Under the Foreign Corrupt Practices Act (FCPA), foreign officials are excluded from prosecution. That’s because the FCPA is a supply-side statute: It criminalizes the person or company giving a bribe, but not the foreign officials taking those bribes. When U.S. Department of Justice (DOJ) prosecutors go after these bribe takers, they increasingly do so by applying other statutes, including the laws governing money laundering.
Over the past six years, the DOJ has pursued the prosecution of corrupt foreign officials in several FCPA cases. One of the challenges the DOJ faces is that foreign officials are generally excluded from the scope of the FCPA. Congress saw the deterrent value of such prosecutions as minimal, and not worth the trouble of all of the diplomatic, jurisdictional and enforcement headaches that would arise from going after foreign officials.
Other laws, however, can be drawn into FCPA prosecutions, including the Travel Act, RICO, mail- and wire-fraud statutes, and the Money Laundering Control Act (MLCA). In a number of FCPA cases, the DOJ has managed to draw upon the MLCA to prosecute cases that would have otherwise been beyond the FCPA statute’s reach.
Combining the FCPA and Money Laundering Laws
In 1992, the MLCA made violating the FCPA one of the possible predicate offenses for money laundering. As a result, the bribery of foreign officials became a “specified unlawful activity” that can trigger prosecution under the MLCA. The U.S. money laundering laws also generally apply extraterritorially to the acts of U.S. persons abroad and to actions taken by non-U.S. persons inside or partially inside the United States.
In 2015, for example, Haitian telecom official Jean Rene Duperval was convicted on money laundering charges based on an underlying FCPA bribery scheme. Duperval allegedly accepted approximately USD 500,000 in bribes, in violation of the FCPA. At trial, the DOJ established that the bribes offered to Duperval were proceeds of FCPA violations, laundered through the U.S. financial system — a violation of the MLCA.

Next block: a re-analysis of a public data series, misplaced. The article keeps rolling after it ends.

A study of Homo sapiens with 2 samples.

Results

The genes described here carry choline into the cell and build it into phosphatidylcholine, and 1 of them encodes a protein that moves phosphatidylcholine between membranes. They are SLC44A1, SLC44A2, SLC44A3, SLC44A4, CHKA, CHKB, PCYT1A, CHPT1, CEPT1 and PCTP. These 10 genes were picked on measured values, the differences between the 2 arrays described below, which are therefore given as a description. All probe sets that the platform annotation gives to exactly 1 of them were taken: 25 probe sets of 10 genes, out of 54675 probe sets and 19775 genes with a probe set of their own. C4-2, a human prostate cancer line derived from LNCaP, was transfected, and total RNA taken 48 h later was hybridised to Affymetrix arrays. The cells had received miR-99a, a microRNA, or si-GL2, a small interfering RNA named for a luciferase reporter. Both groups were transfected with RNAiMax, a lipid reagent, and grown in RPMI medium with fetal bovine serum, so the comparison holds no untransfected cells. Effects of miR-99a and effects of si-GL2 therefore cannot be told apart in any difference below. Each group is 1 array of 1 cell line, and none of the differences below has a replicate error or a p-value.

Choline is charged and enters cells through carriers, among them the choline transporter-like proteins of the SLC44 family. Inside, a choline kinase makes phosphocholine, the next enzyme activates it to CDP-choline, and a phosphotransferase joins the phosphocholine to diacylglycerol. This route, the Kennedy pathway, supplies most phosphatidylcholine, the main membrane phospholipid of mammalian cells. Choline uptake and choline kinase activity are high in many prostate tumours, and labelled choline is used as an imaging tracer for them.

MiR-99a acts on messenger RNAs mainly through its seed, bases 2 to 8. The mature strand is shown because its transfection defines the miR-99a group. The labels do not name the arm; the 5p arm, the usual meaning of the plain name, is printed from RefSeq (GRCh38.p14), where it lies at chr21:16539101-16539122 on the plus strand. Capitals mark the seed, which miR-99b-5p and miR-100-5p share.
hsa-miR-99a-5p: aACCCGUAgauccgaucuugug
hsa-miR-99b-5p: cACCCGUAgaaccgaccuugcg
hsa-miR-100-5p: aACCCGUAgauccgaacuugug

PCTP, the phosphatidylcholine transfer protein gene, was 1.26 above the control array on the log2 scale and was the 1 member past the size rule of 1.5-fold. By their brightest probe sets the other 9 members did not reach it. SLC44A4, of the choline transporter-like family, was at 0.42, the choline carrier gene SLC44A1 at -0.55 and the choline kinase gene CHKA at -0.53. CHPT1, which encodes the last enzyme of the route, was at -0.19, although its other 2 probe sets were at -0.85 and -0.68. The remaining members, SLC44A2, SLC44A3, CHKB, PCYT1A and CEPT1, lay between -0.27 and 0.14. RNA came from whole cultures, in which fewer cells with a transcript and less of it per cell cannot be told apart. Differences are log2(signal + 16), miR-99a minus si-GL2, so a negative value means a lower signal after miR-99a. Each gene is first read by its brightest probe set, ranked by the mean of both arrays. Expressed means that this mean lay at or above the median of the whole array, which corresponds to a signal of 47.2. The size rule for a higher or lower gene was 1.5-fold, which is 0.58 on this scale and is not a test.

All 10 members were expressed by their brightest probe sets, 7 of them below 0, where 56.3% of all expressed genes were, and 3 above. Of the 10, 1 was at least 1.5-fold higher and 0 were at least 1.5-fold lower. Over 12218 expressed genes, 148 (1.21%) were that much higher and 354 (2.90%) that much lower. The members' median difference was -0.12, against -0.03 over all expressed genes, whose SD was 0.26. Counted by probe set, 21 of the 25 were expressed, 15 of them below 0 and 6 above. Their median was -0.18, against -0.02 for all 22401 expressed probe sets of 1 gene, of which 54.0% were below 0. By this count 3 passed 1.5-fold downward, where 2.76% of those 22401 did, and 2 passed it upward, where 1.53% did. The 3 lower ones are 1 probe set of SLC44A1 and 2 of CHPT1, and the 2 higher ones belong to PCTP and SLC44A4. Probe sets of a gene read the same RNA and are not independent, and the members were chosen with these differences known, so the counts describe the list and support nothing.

In a separate case, the U.S. Court of Appeals for the Eleventh Circuit had previously found that Haiti Teleco qualified as an “instrumentality” of the Haitian government and that Duperval qualified as a “foreign official.” In 2015, the Eleventh Circuit affirmed Duperval’s subsequent conviction, thereby approving DOJ’s use of the MLCA as a complement to the FCPA in prosecuting corrupt foreign officials.
This case illustrates how money laundering charges may be considered as a critical piece of complex and contentious FCPA prosecutions — and a new risk to those subject to FCPA enforcement.
How the MLCA Increases Prosecution Risks for U.S. Companies
The DOJ can use money laundering charges, and the very real possibility of conviction, to convince foreign officials and others to cooperate in prosecuting U.S. companies and their executives for FCPA violations. While foreign officials don’t fall under the FCPA, and thus don’t have to cooperate, the DOJ can force cooperation by drawing on anti-money laundering laws.
MLCA violations also carry much heavier penalties than the FCPA violations alone. Under the MLCA, individuals face up to 20 years’ imprisonment and fines up to USD $500,000 for each violation, or twice the defendant’s gross gain or the victim’s gross loss. The DOJ can also file a forfeiture proceeding against a foreigner if the proceeds are in the U.S.
Under the FCPA alone, by contrast, individuals face up to 5 years’ imprisonment and fines up to USD $100,000. The longest FCPA sentence ever – 15 years in prison – was given in 2011 to telecom executive Joel Esquenazi, and driven largely by his conviction on money laundering charges.
The main point to understand is that, in prosecuting FCPA violations, the DOJ can draw on other laws to extend the jurisdiction and the people who fall under that law. Bringing in laws like the MLCA increase a company’s vulnerability to prosecutions under FCPA because there’s more leverage against them.
To mitigate these risks of prosecution, the answer is to have mechanisms in place, such as a strong compliance program combined with internal and financial controls, to detect potential money laundering breaches as well as bribery and corruption.